One of My Dearest Friends is Very Wise

One of my dearest friends is very wise. She sees the potential in me when my vision is shadowy. She uses the power of her gentleness, the strength of her love, and the clarity of her insight so that every one around her flourishes. She’s an absolute joy, with a lovely ability to discern what really matters.

While many men consider themselves wise, many women question whether they have wisdom. They might think wisdom has to do with age (older is wiser) or sex (the image of the white man with the beard) or a certain erudite character. It’s an effect of the cultural context I refer to in earlier blogs and dive into in depth in the book I’m writing.

It’s amazing that many women, like my dear friend, are very wise; yet, when asked, hesitate to claim their wisdom.

If we were enjoying a cup of tea and I asked you, “How were you wise this week”, it might be the first time you’ve ever been asked this question, or thought about your self in this way. You might speak about it in a shy or self-dismissive manner, but yet, in just a few minutes, you would most likely tell me about a feeling, an insight or decision, a time you communicated your truth or an action you took. You would tell me why you considered them to be wise and why they were important to you. And then another, and another. Once we got you started, it would be hard to stop!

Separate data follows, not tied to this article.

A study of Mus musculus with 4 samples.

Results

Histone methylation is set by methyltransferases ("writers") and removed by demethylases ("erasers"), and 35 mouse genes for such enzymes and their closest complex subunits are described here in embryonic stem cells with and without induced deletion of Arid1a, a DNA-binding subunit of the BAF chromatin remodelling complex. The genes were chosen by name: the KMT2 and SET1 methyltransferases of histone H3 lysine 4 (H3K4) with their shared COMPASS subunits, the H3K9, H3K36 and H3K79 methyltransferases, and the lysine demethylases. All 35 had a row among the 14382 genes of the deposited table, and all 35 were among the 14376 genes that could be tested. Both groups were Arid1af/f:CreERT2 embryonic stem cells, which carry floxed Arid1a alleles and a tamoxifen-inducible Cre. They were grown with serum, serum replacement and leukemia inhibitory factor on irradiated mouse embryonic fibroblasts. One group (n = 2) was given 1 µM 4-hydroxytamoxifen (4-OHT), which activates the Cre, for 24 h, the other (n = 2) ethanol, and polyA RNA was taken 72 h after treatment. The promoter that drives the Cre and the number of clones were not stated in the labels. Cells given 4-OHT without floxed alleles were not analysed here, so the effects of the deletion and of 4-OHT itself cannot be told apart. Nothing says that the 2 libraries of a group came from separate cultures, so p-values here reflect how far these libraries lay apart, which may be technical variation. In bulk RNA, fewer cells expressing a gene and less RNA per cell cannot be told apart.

How were you wise this week? Who around you was wise?

Try this out at work or home. Ask, “How were you wise this week” and then just wait for the insightful reflective smile that starts slowly as they remember back to a time they considered themselves wise.

Whether in staff meetings, 1-1 mentoring, on performance reviews, or after dinner with spouse or kids, take the opportunity to amplify wisdom. We all need to be reminded. Point out wisdom until everyone around you sees themselves as possessing wisdom, the capacity to mindfully consider and choose the best course of action.

How we view ourselves and each other changes how we live and the effect we have on others. We can be mindful, awake and aware of what is so, now in this moment. Working together we can generate the kind of wisdom we need to take this spinning planet of ours towards health and vitality.

This interview with Gina Lazenby jumps into the center of my assumptions about wisdom as well as my joy in pursuing wisdom.